The consequences of landscape change on fishing strategies

Author(s): Van Holt, T., B. Crona, J.C. Johnson, S. Gelcich.
In: Science of the Total Environment doi.org.ezp.sub.su.se/10.1016/j.scitotenv.2016.10.052.
Year: 2017
Type: Journal / article
Theme affiliation: Marine
Link to centre authors: van Holt, Tracy
Full reference: Van Holt, T., B. Crona, J.C. Johnson, S. Gelcich. 2017. The consequences of landscape change on fishing strategies. Science of the Total Environment doi.org.ezp.sub.su.se/10.1016/j.scitotenv.2016.10.052.

Summary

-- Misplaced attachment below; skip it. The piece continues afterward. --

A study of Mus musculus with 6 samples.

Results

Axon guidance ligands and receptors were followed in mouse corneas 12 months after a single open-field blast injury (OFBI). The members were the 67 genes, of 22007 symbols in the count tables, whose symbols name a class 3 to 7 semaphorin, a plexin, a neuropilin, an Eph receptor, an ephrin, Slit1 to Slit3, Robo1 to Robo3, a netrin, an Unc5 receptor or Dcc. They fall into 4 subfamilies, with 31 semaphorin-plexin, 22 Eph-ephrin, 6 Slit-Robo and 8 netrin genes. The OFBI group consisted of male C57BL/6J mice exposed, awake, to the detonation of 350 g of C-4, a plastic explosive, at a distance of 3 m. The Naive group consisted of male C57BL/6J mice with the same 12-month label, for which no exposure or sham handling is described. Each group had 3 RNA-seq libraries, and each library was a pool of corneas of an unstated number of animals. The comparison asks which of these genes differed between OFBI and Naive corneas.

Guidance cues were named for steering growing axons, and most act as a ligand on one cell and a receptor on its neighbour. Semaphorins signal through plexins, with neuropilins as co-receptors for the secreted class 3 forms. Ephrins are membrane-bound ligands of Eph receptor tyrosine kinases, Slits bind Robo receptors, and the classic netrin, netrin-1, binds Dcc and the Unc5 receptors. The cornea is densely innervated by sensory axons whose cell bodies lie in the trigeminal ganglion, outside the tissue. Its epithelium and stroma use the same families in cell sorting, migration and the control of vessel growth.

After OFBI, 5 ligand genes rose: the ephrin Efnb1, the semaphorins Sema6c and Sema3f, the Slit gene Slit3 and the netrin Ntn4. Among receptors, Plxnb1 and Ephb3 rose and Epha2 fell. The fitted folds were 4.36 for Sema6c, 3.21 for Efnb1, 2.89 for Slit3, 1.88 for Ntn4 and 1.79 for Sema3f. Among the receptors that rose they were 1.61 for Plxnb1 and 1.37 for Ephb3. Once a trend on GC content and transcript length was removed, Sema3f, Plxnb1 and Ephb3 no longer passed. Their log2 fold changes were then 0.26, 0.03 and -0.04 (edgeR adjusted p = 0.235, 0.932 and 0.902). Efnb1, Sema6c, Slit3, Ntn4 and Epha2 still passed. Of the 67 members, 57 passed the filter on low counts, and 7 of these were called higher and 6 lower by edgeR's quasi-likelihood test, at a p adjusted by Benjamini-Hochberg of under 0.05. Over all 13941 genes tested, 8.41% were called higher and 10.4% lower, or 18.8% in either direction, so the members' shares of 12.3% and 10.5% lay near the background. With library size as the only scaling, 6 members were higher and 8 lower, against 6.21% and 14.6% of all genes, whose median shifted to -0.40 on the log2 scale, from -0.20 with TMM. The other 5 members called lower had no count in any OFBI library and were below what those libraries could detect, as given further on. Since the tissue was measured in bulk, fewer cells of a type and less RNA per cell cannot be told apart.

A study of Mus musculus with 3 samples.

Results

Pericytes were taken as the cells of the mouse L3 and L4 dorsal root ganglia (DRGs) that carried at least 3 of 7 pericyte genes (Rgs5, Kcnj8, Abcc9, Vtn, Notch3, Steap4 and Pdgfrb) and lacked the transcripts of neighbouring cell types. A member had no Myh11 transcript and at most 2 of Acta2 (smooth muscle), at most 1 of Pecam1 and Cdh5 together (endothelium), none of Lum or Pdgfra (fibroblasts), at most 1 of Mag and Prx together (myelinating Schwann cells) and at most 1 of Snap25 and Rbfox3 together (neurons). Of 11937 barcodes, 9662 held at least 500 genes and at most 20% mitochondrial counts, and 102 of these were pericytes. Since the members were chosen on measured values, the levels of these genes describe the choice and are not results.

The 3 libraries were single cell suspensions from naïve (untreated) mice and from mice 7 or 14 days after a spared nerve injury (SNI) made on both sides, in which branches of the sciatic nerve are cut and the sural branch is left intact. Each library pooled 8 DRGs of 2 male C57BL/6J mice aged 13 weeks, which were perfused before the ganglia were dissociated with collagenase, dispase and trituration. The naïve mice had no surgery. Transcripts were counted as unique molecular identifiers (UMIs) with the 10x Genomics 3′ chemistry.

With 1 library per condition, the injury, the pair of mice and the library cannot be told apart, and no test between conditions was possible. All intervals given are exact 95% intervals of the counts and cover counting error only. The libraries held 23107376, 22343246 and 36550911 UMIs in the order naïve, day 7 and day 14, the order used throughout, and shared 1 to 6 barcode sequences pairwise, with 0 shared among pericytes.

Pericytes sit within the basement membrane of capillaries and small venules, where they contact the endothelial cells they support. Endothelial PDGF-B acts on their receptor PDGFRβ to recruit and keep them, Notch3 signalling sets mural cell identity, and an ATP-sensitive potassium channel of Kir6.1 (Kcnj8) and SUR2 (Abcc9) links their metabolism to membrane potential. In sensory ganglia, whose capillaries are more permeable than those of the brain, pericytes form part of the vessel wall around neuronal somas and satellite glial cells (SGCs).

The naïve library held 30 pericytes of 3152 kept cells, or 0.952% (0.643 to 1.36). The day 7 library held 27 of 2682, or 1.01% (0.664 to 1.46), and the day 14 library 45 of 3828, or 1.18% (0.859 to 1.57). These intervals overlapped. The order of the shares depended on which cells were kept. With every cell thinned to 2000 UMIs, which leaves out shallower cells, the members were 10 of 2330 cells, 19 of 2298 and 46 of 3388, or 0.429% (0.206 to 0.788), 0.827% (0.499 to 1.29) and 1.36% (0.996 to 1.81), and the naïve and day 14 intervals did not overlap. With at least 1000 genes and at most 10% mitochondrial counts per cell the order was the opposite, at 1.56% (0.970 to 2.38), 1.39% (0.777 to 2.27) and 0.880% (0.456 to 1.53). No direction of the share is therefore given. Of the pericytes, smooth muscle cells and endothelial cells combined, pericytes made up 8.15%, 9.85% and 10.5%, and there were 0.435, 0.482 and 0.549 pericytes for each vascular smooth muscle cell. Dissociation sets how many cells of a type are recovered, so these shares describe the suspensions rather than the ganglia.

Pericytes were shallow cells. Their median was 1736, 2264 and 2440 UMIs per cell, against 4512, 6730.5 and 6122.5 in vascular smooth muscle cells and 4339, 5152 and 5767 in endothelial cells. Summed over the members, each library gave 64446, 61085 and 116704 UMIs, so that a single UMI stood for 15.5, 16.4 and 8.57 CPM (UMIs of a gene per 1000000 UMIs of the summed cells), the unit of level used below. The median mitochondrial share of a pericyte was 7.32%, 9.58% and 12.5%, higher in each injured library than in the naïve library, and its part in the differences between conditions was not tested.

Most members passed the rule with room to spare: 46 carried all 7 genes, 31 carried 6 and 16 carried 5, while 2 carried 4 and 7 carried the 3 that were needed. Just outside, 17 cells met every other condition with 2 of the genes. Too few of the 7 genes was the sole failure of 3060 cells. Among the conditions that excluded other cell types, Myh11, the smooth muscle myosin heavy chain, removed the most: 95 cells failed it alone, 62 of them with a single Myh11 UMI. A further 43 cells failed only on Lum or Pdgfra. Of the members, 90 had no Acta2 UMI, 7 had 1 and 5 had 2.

We show how land-use change can affect fisher-harvesting behavior. We test whether fisher harvesting behavior can be predicted by landscape change patterns at local (~ 200 km) and regional (~ 1200 km) levels. Our data suggest that fishers harvesting in areas near tree plantations reduced benthic-invertebrate harvests in favor of demersal and pelagic finfish that are usually located further offshore. Fishers' management areas, which were near tree plantations, had higher chlorophyll-a values, and contained shellfish with more endobionts. Technology (owning a boat) and experience (age, years fishing, and alternative livelihoods) explained little in fisher-harvesting behavior. The flagship Chilean fisheries management program and seafood companies sourcing from these areas will need to respond to these new challenges. Despite complexities in designing cross-scale, social-ecological studies, we can no longer ignore the interconnectedness of commodities in the biosphere.